Scott Rall: No Christmas before Thanksgiving
Let it snow, let it snow is the name of the game this week. If you can, you should bundle up and take 10 of your friends to the Nobles County Ducks Unlimited banquet tomorrow at the Brewster Legion Hall in the big city of Brewster. Doors open at 5:30 p.m. and dinner is at 7. As always, there’s guns galore and many cool things to win — all in the name of wetlands, habitat and ducks.
You can get a ticket between now and then by calling Kevin Black at 329-2223 or you can get on at the door. I will see you there.
I have this thing against having Christmas before Thanksgiving. It just doesn’t seem right to have a Christmas tree up before the turkey leftovers are eaten. It used to be that Black Friday was the big Cyber Monday, and now we even get to go shopping on the big turkey day if you are so inclined.
Shopping is not agony to me. Most guys just hate it. I have spent more than few days wandering around Maurice s with my sweetie, and if you can find a comfortable spot to sit the people watching can be entertaining.
Turkey day is over, so now is the time to start thinking about what your outdoor person would like for Christmas. The biggest problem I have with gift giving is my desire to give a gift the person can actually use and dissuade the other gift idea people in my life to give them something pretty or unusual or trendy.
Mother will say that boots are not any fun or that dog supplies are no fun to open. At the end of the day, a gift that works, lasts and serves a purpose is the best gift an outdoor person can receive. I have a few ideas that range from pretty inexpensive (under $20) to a few big items that every hunter or fisherman should have.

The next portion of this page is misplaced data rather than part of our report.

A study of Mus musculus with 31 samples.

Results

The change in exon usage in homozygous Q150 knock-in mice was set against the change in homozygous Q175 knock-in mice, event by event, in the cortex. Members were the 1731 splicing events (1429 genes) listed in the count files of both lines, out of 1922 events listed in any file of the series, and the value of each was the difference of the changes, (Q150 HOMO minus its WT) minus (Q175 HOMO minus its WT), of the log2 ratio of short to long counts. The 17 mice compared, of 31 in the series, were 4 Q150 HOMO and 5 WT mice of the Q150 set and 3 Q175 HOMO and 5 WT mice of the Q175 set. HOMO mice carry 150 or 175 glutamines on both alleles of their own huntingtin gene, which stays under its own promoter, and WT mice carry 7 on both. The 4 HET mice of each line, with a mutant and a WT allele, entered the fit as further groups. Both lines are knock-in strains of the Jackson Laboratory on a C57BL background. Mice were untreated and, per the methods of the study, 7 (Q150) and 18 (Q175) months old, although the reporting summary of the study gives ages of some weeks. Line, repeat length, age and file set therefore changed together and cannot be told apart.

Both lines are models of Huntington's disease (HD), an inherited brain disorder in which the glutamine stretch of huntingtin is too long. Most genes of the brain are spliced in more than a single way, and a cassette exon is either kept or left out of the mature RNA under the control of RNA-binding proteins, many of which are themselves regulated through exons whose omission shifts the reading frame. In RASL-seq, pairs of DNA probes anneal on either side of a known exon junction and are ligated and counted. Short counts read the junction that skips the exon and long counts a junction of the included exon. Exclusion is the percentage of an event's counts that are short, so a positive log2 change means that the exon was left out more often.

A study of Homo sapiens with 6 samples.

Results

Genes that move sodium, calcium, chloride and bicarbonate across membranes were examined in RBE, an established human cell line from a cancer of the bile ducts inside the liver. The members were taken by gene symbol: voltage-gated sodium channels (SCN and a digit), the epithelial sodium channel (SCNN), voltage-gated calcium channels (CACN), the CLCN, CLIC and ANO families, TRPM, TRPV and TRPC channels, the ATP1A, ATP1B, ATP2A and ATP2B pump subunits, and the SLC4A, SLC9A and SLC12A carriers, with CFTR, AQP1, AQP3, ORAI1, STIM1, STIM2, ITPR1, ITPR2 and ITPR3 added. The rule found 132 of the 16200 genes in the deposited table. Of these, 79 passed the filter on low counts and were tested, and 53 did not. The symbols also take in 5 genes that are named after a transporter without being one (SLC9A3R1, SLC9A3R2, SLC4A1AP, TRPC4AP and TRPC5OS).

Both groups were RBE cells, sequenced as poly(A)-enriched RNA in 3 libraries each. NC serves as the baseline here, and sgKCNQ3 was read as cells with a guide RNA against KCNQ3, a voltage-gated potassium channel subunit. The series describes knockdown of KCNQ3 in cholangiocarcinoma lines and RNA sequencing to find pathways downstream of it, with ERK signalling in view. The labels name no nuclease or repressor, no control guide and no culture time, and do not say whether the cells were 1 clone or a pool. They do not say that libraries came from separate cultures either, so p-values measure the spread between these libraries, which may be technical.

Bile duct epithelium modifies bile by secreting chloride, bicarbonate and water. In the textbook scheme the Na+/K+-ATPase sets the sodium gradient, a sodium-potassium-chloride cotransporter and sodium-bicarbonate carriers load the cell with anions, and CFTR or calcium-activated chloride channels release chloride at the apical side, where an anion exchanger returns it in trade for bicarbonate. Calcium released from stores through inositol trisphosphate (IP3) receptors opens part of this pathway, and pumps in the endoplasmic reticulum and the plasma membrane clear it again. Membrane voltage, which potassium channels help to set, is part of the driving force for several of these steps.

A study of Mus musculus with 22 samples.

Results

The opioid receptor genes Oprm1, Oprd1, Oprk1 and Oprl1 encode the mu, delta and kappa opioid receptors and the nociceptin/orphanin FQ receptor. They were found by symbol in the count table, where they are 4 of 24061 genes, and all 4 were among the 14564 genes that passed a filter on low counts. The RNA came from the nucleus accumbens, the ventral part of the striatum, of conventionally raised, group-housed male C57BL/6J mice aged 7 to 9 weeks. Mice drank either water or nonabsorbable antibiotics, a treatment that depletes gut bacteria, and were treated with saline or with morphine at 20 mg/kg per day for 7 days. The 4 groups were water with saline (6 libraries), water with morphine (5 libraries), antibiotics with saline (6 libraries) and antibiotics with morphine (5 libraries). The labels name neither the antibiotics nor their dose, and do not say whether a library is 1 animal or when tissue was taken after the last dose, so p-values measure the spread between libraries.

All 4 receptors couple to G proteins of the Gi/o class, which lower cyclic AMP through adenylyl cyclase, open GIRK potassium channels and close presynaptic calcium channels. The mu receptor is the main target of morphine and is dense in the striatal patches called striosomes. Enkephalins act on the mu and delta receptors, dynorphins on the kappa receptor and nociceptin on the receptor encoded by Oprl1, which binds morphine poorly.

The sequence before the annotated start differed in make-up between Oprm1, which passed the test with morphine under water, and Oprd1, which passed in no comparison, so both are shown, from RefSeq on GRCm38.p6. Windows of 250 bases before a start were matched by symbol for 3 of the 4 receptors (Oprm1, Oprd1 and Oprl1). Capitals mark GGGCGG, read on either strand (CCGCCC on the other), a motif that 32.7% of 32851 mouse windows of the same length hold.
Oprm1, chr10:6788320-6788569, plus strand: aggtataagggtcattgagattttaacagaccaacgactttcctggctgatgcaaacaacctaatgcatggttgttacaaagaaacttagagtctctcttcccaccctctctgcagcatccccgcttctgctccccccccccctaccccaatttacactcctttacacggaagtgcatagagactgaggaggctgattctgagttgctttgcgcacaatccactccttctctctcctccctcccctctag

The first on the list a decent flashlight. They sell them for $3 at the counter of most hardware stores and these are OK if you want to buy about a half dozen of them. They need to be tapped against hard surfaces to get them to light up, so skip on those.
Spend a few more dollars and get them a higher quality one one that will last. For the average user about $50 will get the job done nicely. Make sure they use LED bulbs for the best performance.
Whatever happened to the good old Christmas idea of a quality thermos? I have three. The metal cases are bent and dented but they still work fine. The weak spot in a thermos is the lid. They get lost, stepped on or otherwise are rendered non-functional. Buy the green or camo ones because no sensible hunter wants the stainless steel one reflecting off the sun and scaring off all the ducks. These are under $30.
One item on my list is a hydration pack. This is a pack that carries water or other fluids you can drink while hunting. This is not normally a requirement in Minnesota as the pheasant seasons don’t start until mid-October. This is not the case if you want to chase sharp tail grouse in mid-September in the Dakotas when the temperatures can still be in the 80s.
They range in price but they will set you back over $100 for a good one. I want to use one to help carry dog water as well.
You can buy just the plastic water bladder of under $15, but after a few bloody birds make it into the game vest the bladder would not be looking so nice.
The last item on the list is only for the most special of gift receipients. That is a pair of boots made by a company called Mendle. They’re available from a variety of sporting goods outlets but they run anywhere from $225 up to $450.
This seems incredibly steep, but these boots will last three times longer than most others.
I guarantee you that any of these items will be a great addition to your outdoorsman’s Christmas list. This outdoorsman would rather receive one high quality gift vs. many smaller items.
If you have any questions about these or other items, contact me at firstname.lastname@example.org.